We live in an age of Pilate politics.
Pontius Pilate is a familiar figure to many of us, especially on this Easter weekend. He was the Roman governor of Judea and Samaria, tasked with collecting taxes, building roads, and generally maintaining order in the region of the world we now know as the West Bank. Pilate served as a critical part of the Easter story, a vital, brutal, link between Jesus's life on this earth, and his death on the cross.
The crowds in Judea, goaded on by the Sanhedrin and angered that Jesus would not deny that he was the Son of God, demanded that Jesus be crucified. Pilate—despite his wife's warnings to the contrary and, according to Matthew's Gospel, with a fair amount of hesitance—caved to the crowd's demands. In sending Jesus off to his death, Pilate cemented his place in history as a metaphor for failed leadership; his has become one of those names, like Jezebel, that you wouldn't think about bestowing on your kids.
But perhaps it's time to take another look at old Pilate—he may be more like us, and our leaders, than we care to admit.
Like many politicians today, Pilate had a lot of worldly stature to lose. The Roman Emperor at the time, Tiberius, had given Pilate a cushy, 10-year appointment as Prefect, when most terms in that role were less than three years. Any rocking of the boat—like the grassroots revolt that might have been provoked if he saved Jesus—would not sit well with his bosses back in Rome.
And like a lot of our leaders, Pilate had to be responsive to the demands of his base. At a festival that sounds a bit like a modern town hall forum, Pilate went before a throng of people and tried to reason with them, offering up Barabbas, a real criminal, to be put to death instead of Jesus. The crowd was having none of it, and, perhaps sensing that it was either him or this odd young carpenter from Nazareth, Pilate chose to save his own skin. The only people who would have supported Pilate if he chose otherwise were the poor, radicals, outcasts—people who could do nothing for him.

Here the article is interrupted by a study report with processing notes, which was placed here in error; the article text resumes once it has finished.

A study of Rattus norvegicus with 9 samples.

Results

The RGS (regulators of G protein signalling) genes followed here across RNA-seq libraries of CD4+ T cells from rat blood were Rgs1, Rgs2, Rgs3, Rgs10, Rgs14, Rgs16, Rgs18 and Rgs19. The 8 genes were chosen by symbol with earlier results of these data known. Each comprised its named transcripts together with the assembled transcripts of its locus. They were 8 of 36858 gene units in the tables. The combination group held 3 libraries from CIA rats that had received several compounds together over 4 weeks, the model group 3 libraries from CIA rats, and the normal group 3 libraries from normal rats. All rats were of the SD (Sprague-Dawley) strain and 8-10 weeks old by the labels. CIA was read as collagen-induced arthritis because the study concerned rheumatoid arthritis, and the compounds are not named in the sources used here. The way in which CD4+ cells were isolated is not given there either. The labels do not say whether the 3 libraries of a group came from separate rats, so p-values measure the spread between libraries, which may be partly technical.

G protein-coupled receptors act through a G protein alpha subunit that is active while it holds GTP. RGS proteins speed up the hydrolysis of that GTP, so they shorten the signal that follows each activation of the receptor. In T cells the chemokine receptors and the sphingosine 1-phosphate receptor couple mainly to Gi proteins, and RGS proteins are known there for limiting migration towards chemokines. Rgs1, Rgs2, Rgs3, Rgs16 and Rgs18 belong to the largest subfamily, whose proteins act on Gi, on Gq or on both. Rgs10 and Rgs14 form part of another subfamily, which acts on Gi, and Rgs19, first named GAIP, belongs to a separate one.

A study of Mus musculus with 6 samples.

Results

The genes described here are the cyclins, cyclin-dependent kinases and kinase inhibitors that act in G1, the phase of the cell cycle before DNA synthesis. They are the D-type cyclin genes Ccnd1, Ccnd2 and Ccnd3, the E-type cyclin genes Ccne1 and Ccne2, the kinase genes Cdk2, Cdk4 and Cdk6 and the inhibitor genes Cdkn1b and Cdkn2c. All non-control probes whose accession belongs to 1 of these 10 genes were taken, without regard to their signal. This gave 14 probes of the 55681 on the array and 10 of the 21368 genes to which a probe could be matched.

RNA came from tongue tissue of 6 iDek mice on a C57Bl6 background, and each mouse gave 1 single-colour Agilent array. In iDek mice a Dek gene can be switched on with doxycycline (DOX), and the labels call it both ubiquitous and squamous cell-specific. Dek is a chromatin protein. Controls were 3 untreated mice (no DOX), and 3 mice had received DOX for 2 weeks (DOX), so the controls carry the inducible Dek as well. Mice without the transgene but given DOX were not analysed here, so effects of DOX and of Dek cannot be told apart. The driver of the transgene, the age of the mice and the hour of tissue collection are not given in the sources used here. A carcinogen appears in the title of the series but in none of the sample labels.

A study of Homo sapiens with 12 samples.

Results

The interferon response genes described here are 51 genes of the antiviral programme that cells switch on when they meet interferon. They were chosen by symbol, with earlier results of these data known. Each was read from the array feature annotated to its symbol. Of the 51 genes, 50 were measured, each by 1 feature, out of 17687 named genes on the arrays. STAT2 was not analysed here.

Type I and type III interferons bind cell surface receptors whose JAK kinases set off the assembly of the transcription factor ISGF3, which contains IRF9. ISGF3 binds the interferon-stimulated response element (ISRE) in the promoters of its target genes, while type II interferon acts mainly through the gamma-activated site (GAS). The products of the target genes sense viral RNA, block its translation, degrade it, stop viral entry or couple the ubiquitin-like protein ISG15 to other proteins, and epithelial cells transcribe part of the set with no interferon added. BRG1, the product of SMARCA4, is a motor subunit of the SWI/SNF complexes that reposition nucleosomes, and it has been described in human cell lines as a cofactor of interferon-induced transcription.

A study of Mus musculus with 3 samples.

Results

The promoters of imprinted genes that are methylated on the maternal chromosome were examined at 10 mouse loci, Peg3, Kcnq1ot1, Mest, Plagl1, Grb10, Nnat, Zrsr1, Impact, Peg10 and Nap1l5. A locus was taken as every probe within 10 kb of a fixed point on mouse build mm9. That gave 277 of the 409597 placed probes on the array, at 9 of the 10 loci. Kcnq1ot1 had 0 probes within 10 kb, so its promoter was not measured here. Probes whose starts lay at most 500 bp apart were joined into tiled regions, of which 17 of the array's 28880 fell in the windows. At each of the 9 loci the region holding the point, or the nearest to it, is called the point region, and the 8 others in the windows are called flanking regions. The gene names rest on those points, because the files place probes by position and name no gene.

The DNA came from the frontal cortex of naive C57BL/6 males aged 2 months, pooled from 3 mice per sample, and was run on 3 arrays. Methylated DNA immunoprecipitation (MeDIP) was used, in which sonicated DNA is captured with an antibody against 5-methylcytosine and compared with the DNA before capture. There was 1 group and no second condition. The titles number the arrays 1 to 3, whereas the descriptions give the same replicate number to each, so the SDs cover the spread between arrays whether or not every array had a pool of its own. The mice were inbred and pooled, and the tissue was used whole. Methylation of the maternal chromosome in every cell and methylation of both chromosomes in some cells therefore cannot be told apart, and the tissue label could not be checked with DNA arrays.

Of course, the consequences of Pilate's decision have no modern analog; there's no Easter equivalence, no aspect of our policy or politics that compares to the horror of Jesus's death, and hope of his resurrection.
But in seemingly benign ways every day, our leaders still practice a lesser form of Pontius Pilate politic—with dangerous, deadly consequences.
Pilate politics is when a governor, in the face of thousands of lives that could be saved, still chooses to deny Medicaid to people in his or her state, due to some gauzy longitudinal theory or misplaced fiscal principle. Sure, it would be tough for red state leaders to choose otherwise--elections have been lost over less--but Pilate's decision was a tough one, too.
Pilate politics is when, year after year, from Chicago to Newtown, we lose thousands of our citizens to the red flash of a gun and searing penetration of a bullet, and still refuse to have a thoughtful conversation and seriously legislative debate about violence in our society, and rational access to weapons by criminals, young people and the mentally infirm. The NRA is gathered in a crowd, screaming in the public square, and there are few incentives for elected officials in purple and red districts to cross them. But let's not deny that there are lives are at stake, and that this is still pure Pilate politics.
Pilate politics is when, in the face of somber fiscal projections and mounting municipal, state and federal debt, Democrats refuse to demand action on deficit reduction and entitlement reform, for fear of crossing their own base. Bankrupt cities and debt-saddled children a generation from now are apparently no match for progressive email campaigns today; it’s Pilate politics in raw form.
And Pilate politics is when, after thousands of children have seen one of their parents deported, and hundreds of bodies of our fellow human beings have been left to die on a desert border, we still have no life-saving, family-uniting action on immigration reform. Through their action or inaction, some of our leaders are still effectively looking at immigrants with disdain, shouting incoherently about law and order, and yelling, "crucify them!" The worst sort of Pilate politics.
So let’s not quickly dismiss Pilate; he wasn't that bad of a guy. He had motivations, a base, and reasons for his actions that made sense to him at the time. The result, though, was still the same.
It's a difficult thing to go against the will of the crowd, to buck the norms of a given party, system or age—but in doing so, you never know who you might save. Perhaps on this Easter weekend, instead of disdaining Pilate, we can seek to understand him and therefore be less like him, and in doing so, become more like Christ.